To develop a mouse model for temporary and persistent tinnitus using the gap startle paradigm.
Behavioral animal models for tinnitus are classified into conditioning- and reflex-based types. Gap prepulse inhibition
of the acoustic startle (GPIAS) is based on the acoustic startle modification by a silent gap and gap detection deficit caused by tinnitus gap filling.
We used C57BL/6J
mice inherently susceptible to hearing loss
and potentially predisposed to tinnitus. They were divided into the control, salicylate-induced tinnitus, and noise-induced tinnitus groups. Mice were tested with the auditory brainstem response at four frequencies (8, 16, 24, and 32 kHz) and GPIAS in three carrier conditions, 16 and 24 kHz narrow band noises (NBNs) and broadband noise, at multiple time points before and after treatment. The ratio between the gap startle and no-gap startle amplitudes was analyzed by a repeated measures design. In addition, the number of tinnitus-positive mice meeting a specified criterion was counted.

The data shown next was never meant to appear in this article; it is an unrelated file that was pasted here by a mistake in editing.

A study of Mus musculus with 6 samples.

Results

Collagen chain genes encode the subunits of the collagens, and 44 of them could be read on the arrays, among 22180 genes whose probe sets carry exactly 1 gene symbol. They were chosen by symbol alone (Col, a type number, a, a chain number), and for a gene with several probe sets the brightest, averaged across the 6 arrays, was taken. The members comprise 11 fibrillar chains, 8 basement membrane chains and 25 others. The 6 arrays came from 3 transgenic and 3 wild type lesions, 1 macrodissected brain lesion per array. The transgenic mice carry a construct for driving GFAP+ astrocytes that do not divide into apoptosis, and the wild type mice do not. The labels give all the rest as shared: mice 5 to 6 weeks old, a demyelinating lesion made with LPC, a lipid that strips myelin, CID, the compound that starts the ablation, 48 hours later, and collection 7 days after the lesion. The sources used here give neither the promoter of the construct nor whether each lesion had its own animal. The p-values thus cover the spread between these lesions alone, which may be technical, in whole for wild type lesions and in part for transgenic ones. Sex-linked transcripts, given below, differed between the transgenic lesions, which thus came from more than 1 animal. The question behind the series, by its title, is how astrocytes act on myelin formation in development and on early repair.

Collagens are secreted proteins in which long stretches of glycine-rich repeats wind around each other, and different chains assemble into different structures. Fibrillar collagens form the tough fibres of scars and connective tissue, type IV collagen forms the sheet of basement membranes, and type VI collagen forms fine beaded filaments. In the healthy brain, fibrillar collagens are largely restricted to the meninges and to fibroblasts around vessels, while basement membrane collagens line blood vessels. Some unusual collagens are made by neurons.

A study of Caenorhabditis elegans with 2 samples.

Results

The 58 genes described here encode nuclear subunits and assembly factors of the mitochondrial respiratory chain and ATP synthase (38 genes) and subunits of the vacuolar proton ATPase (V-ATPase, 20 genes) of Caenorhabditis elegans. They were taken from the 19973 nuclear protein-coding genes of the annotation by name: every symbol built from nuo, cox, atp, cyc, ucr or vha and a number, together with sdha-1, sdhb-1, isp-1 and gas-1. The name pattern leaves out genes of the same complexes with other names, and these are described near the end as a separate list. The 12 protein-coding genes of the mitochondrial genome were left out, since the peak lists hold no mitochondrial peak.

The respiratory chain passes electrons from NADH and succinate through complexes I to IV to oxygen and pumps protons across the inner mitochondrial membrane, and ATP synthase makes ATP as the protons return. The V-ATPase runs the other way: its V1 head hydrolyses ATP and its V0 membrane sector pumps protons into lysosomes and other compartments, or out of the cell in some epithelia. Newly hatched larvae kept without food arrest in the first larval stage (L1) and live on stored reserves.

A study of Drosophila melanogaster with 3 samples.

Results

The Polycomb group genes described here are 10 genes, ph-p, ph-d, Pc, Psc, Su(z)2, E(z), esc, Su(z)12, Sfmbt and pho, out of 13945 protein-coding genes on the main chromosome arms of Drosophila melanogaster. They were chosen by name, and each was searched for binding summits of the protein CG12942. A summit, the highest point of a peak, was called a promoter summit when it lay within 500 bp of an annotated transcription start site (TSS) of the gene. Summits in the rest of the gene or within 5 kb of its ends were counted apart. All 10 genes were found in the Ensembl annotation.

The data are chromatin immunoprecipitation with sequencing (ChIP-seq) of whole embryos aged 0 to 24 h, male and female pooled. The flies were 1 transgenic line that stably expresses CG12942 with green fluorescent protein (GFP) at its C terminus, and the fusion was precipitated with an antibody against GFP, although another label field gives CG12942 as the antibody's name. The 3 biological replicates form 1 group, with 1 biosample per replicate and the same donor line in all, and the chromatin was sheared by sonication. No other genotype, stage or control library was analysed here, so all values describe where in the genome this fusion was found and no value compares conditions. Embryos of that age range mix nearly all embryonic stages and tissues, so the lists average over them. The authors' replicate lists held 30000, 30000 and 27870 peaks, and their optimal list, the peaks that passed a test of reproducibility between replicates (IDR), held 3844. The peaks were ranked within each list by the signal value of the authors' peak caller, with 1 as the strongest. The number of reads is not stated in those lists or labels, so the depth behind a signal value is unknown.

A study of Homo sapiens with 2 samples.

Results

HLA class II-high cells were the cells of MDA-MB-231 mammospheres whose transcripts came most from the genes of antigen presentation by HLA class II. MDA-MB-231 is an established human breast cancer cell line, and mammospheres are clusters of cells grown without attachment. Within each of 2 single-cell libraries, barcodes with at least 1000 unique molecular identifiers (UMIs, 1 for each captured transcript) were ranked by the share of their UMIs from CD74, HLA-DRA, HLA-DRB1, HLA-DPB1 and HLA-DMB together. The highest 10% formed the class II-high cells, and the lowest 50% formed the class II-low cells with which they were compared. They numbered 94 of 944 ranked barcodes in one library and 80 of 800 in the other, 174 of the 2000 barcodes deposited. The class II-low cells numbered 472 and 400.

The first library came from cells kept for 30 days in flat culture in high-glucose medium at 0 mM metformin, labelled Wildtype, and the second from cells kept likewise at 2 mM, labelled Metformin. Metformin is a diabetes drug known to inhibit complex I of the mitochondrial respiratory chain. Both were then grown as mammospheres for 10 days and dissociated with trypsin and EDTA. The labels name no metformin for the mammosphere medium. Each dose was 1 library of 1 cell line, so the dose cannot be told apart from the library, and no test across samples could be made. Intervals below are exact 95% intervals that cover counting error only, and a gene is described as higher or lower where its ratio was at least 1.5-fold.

Salicylate/unilateral noise trauma
resulted in temporary/permanent tinnitus evidenced by GPIAS reduction. GPIAS reduction was the most significant at 16 kHz NBN among the three carriers in both tinnitus groups. Control mice also showed good gap detection performance at 16 kHz NBN, which is in the most sensitive hearing range in mice.
The GPIAS test in C57BL/6J
mice was very reliable at 16 kHz NBN. This tinnitus model developed in the mouse strain of accelerated hearing loss
can be used with two options of temporary and persistent tinnitus.